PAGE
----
In herbal medicine, Chrysanthemum indicum has been one of the principal herbs in traditional Chinese medicine since the ancient times. Special tinctures and herbal mixtures with Chrysanthemum flowers were used for external purposes: in particular, as an effective skin treatment, as a remedy for fever reduction, and so on. In addition to very powerful anti-inflammatory properties, Chrysanthemum tea is considered to be an excellent herbal remedy due to its other therapeutic effects, namely antiviral, antimicrobial, antiasthma, and antihyperkinesia. Chemical content and elements of chrysanthemum have a potential to prevent cancer in a unique manner. It turned out that active elements of Chrysanthemum indicum can inhibit cancerous cells, and they are especially effective in combating liver cancer. All aerial parts of the plant (leaves, stems and petals) can be used for preparing teas, tinctures or extracts. Besides, Chrysanthemum tea and extracts are valued for their high content of flavornoids, giving us the opportunity to enjoy anti-aging and anti-cancer benefits of this herbal remedy.
Liquorice herb (Glycyrrhiza Glabra), the well known component of Liquorice sweets, is surprisingly one of the most important medicinal herbs on the planet. The reason given is that it tends to improve the action of all the other herbs and harmonise the action of the herbal formula. However the action of liquorice is presumed to be potentially effective (depends on the person, diet etc not the particular disease as they are all related), on all auto-immune diseases. Liquorice contains Glycosides called glycyrrhizin and glycyrrhizinic acid; these have a structure similar to the natural steroids in the body and tend to rapidly restore natural steroid production from the adrenal glands. So for general health benefits, improvement in energy, immune strengthening and a fair degree of immuno-modulatory effects along with all the aspects discussed in the article, then Naturleafhas its use.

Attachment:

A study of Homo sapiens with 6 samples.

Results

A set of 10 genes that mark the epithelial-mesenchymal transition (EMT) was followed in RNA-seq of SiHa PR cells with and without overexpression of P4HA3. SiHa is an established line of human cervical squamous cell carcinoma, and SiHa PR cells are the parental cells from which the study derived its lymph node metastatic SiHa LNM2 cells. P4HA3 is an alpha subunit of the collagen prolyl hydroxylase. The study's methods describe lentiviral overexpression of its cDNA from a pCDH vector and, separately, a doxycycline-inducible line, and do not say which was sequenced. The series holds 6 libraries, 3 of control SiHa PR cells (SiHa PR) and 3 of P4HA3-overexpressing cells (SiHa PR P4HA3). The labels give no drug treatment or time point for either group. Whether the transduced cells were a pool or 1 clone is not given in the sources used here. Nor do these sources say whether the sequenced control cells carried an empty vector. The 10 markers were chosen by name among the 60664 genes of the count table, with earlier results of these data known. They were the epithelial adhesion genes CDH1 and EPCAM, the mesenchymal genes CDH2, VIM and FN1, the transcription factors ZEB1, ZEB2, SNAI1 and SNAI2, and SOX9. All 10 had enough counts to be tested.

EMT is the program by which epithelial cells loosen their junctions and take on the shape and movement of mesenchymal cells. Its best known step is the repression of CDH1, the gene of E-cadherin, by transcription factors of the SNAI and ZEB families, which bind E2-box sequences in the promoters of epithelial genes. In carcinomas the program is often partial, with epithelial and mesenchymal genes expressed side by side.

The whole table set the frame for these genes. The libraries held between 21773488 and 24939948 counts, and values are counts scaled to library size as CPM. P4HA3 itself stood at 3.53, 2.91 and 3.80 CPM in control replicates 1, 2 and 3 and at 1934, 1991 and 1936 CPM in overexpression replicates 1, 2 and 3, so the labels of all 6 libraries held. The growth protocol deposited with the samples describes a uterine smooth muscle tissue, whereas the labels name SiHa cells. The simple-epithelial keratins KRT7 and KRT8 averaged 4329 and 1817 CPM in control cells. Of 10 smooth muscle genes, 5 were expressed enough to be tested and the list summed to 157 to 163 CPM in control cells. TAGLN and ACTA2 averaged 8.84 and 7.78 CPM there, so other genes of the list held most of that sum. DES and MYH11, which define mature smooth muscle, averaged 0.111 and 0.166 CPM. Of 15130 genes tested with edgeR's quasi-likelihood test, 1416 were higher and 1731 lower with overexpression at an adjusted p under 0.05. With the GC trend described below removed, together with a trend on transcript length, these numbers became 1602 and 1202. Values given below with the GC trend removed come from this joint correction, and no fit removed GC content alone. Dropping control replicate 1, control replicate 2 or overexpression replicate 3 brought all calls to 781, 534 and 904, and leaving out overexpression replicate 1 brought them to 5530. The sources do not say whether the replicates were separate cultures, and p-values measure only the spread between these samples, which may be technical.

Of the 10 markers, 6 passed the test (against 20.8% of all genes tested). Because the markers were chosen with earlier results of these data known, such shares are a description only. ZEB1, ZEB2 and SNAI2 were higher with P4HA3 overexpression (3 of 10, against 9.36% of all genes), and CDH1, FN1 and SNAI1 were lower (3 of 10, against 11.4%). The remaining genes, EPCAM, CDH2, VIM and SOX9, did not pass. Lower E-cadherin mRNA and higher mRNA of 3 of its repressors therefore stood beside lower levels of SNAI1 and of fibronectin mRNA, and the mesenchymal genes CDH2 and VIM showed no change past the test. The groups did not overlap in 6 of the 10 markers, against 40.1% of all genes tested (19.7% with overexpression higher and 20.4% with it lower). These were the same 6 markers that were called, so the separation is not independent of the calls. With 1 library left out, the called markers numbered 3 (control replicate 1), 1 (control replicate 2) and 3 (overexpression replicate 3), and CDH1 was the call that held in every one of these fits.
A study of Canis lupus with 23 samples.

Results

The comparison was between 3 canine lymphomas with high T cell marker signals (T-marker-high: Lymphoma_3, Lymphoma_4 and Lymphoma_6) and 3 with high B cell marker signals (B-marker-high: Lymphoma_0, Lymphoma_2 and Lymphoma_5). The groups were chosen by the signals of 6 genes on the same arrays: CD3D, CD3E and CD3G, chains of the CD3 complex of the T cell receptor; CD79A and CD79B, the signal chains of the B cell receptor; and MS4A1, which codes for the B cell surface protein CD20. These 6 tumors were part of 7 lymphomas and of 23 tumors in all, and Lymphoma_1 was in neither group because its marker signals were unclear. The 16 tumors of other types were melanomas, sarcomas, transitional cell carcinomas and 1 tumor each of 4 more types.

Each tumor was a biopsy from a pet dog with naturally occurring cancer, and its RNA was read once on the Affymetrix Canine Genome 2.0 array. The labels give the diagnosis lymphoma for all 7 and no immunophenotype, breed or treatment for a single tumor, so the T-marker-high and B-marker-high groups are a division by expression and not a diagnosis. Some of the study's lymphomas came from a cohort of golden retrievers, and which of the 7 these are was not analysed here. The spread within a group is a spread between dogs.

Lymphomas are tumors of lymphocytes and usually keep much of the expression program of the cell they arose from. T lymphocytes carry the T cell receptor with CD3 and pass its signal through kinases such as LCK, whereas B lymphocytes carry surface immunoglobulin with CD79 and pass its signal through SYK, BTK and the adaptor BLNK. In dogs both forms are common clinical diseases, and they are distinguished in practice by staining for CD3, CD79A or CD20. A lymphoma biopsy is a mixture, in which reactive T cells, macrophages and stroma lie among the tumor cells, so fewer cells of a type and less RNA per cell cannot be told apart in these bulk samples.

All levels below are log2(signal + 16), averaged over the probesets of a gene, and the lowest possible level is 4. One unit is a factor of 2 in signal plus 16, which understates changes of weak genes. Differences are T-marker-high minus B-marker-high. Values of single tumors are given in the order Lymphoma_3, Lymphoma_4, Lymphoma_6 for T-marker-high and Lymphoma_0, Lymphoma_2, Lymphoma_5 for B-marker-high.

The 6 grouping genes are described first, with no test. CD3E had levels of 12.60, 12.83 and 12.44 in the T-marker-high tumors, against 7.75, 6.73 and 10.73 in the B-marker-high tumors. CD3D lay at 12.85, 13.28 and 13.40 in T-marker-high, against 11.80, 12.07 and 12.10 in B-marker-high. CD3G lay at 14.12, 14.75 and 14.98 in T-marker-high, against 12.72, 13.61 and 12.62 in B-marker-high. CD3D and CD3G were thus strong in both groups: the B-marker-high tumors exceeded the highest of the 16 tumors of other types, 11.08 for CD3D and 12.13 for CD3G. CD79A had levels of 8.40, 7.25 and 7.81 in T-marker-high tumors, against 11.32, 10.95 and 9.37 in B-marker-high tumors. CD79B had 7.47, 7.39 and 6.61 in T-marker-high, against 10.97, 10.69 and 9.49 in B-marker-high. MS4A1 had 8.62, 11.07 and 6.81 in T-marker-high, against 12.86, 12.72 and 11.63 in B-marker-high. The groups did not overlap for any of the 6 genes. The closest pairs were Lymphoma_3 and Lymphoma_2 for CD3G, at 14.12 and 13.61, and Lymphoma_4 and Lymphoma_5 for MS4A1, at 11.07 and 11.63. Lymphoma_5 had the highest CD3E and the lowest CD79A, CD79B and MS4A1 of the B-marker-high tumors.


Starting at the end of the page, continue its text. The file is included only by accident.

Stevia rebaudiana is a herbaceous perennial, which is normally used as a natural herbal sweetener. The dried leaves can be ground and used as a sweetener or soaked in water and the liquid used in making preserves. The leaves are sometimes chewed by those wishing to reduce their sugar intake. The natural climate is semi-humid subtropical. Stevia grows naturally on infertile, sandy acid soils with shallow water tables. This is normally in areas like the edge of mashes and grassland communities.
White tea is made from immature tea leaves that are picked shortly before the buds have fully opened. Leaving tea leaves so close to their natural state means that white tea contains more polyphenols, the powerful anti-oxidant that fights and kills cancer-causing cells, than any other type of tea. A 2004 study at Pace University concluded that white tea can help your body's immune system fight off viruses and dangerous infection-causing bacteria. The same study concluded that fluoride-rich white tea helps prevent the growth of dental plaque.
Tibetans use Snow Lotus medicinally to treat high blood pressure, other blood disorders, and ailments associated with pregnancy and menstruation (Ge 1989). . It has purple leaves and exposed flowers (Tsukaya 2002). S. laniceps is collected preferentially because of its larger size and higher market value, and so experiences much heavier harvest pressures. Both of these Saussurea spp. are high alpine plants growing at approximately 4000 meters. S. laniceps usually grows on cliffs and rocky surfaces above 4000 meters on west facing slopes (Wayne Law, MO, personal observation) but has been reported to grow from 3200-5280 meters (Chen 1999). Pollen of both species has been found on individuals of Bombus rufofaciatus (P.H. Williams, Nat. History Mus., London. pers. comm.), a common bumblebee found in the mountains east of Tibet. The goal of the study now being conducted by WLBC-associate Wayne Law is to understand the consequences of harvesting Saussurea. First, by utilizing techniques of matrix modeling, the impacts of harvesting on growth rates of populations from both species will be assessed. Secondly, herbarium specimens collected in the past will be used to see whether harvesting is impacting S. laniceps and S. medusa in an evolutionary sense. . Finally, the impact of human harvesting on pollination rates within plant populations will be examined.